The knowledge of Spark's API is not a single useful thing. It's also so important to know when and by who programs are executed.
This article talks about architecture in Spark. It presents the concepts of driver, executor and cluster manager. Each of them is described in separate part. Global architecture looks like in below image:
Driver in Spark
Spark's driver a Java process in charge of: context and RDD creation, tasks scheduling or hosting web UI. To see it simpler, it's a main() method of Java program where all computations are defined.
The driver is the first step of Spark's code execution flow. This flow can be resumed in these points:
- User's program starts on driver
- Driver computes physical execution of program computation
- Driver connects to cluster manager and asks for available executors able to handle computed physical tasks
- Driver asks executors to execute tasks
- Tasks are executed by executors and their results send back to driver
- When all results are collected on SparkContext is explicitly closed, driver program ends
Executor in Spark
Executors compose Spark application together with driver. They can not only execute tasks defined by the driver but also store cached RDDs.
To tell to the driver that they're alive, the executors send heartbeats by respecting the interval time defined in spark.executor.heartbeatInterval configuration entry. If one of executors doesn't send signal within defined delay, driver considers it as failed. After this detection, the driver tries next to trigger the task of failed executor in another executor.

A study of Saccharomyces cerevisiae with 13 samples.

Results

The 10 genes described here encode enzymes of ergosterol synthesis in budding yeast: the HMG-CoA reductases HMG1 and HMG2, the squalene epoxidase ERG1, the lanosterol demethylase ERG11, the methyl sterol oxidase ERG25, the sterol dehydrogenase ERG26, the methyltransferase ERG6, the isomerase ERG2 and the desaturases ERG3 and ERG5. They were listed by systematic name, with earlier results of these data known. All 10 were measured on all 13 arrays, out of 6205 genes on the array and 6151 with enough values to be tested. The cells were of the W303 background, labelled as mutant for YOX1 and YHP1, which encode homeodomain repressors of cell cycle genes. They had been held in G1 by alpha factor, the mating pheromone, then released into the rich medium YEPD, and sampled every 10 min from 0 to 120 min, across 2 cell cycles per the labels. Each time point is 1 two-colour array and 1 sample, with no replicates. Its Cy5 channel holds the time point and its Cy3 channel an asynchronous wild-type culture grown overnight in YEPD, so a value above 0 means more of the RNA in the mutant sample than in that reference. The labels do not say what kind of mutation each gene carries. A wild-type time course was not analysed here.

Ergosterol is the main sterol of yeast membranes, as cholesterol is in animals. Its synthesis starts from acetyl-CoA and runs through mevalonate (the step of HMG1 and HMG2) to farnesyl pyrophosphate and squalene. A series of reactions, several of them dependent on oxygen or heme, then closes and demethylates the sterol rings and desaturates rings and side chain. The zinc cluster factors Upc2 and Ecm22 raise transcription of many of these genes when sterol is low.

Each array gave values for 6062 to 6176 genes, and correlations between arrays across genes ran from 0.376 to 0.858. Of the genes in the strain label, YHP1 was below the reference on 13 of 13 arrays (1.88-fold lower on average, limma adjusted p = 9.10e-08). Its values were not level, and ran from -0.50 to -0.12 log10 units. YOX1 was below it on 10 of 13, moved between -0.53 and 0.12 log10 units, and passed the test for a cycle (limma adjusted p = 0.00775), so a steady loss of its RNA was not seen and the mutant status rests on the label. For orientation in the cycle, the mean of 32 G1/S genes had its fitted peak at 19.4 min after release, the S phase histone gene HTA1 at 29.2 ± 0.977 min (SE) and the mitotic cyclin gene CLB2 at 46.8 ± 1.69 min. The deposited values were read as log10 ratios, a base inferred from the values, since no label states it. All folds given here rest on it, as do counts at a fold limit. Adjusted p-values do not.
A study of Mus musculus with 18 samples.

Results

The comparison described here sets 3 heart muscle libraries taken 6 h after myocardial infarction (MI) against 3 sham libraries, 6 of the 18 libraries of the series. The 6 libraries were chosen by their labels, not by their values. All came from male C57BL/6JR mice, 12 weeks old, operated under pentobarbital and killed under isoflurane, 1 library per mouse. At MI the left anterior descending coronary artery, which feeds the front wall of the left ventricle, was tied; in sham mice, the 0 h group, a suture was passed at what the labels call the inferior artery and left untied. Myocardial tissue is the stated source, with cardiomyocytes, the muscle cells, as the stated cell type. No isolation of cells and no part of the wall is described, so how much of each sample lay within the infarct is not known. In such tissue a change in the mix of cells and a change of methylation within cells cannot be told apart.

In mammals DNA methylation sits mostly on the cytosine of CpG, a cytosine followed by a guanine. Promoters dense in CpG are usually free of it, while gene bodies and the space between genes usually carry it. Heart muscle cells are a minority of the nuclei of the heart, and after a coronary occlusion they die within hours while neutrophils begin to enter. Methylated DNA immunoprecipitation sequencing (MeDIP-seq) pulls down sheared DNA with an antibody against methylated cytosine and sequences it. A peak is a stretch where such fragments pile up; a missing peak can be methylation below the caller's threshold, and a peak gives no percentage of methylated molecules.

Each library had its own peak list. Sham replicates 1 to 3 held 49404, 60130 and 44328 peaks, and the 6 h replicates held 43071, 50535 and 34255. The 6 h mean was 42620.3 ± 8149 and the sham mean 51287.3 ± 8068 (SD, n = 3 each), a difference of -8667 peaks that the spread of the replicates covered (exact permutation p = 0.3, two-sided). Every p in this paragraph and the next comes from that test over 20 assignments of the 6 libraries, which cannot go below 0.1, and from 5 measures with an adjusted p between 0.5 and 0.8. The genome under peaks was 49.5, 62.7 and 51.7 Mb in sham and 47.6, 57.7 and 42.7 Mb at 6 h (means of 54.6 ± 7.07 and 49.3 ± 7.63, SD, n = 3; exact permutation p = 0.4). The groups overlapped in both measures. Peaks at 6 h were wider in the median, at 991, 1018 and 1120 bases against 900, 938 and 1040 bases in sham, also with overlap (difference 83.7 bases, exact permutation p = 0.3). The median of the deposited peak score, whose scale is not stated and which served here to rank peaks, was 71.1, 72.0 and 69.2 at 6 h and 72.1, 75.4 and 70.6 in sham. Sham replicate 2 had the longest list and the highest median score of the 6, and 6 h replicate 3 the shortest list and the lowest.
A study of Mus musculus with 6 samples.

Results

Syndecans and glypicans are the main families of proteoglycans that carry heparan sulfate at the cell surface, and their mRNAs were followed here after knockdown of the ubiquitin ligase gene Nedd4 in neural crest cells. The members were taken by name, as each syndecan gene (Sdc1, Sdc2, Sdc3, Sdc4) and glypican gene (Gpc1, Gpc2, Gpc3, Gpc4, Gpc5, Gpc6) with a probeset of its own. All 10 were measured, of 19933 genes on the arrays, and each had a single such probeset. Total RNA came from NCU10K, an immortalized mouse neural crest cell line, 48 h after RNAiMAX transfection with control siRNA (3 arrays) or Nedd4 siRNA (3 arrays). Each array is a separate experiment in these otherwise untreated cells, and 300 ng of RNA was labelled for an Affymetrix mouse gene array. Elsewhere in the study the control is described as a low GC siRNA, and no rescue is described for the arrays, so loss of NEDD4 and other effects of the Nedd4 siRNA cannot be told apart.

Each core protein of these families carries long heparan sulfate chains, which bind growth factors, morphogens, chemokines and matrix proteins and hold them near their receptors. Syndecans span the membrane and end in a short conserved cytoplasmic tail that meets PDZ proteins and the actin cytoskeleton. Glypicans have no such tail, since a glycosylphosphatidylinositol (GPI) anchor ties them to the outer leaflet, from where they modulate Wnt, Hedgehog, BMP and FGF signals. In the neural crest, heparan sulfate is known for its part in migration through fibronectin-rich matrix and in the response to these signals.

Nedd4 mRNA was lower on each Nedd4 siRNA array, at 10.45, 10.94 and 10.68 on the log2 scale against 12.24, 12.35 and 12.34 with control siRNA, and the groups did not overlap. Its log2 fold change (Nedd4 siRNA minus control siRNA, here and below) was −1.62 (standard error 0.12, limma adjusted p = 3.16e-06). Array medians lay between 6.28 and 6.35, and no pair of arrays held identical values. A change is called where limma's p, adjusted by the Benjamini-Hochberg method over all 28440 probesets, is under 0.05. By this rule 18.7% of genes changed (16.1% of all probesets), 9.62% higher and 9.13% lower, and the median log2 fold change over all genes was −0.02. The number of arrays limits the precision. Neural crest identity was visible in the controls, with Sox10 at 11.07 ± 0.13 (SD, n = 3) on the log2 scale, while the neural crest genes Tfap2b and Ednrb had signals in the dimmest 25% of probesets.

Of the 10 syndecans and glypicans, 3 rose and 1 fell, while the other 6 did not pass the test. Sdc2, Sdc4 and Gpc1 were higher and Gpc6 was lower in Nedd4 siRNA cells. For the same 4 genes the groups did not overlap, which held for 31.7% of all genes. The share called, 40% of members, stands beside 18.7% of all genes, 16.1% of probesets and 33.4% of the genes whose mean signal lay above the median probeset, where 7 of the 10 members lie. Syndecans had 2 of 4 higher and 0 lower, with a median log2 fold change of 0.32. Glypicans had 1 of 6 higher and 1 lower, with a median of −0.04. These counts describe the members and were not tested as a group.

But there is another case when driver can decide to launch a task on different executor. When executed task seems to be slow, driver can start its second execution on other executor. Triggered task is called a speculative copy. Finally, the result computed by faster executor will be used.
Cluster manager in Spark
As already told, it's a middleman between driver and executors. This pluggable component accepts the demand of driver and executes it by triggering executors in charge of tasks computation. Executors are chosen according to data location to optimize network communication.
Several types of cluster managers exist:
- standalone - the simplest, based on master/worker architecture. Each application has at most 1 executor by worker node. By default, Spark tries to use the maximum number of different nodes. If for example the cluster has 4 workers and we configured the use of 4 cores and 4GB RAM, Spark will take 1 core and 1GB RAM of each node to execute the program.
- Hadoop YARN - cluster manager coming from Hadoop and based on HDFS. Thanks to that it can read data stored in HDFS quicker.
Apache Mesos - general cluster manager which can be used in 2 modes: fine-grained (one node can share its CPU among different executors running on it) and coarse-grained (fixed number of CPUs reserved to executors in advance).
This post shows 3 main actors of Spark. The first one, driver, is the one from who all begins. It stored main program to execute. Next, it contacts the second actor, cluster manager, to get a list of executors able to compute planned tasks. These executors are the 3rd actors. Their responsibility consists on really executing tasks scheduled by driver.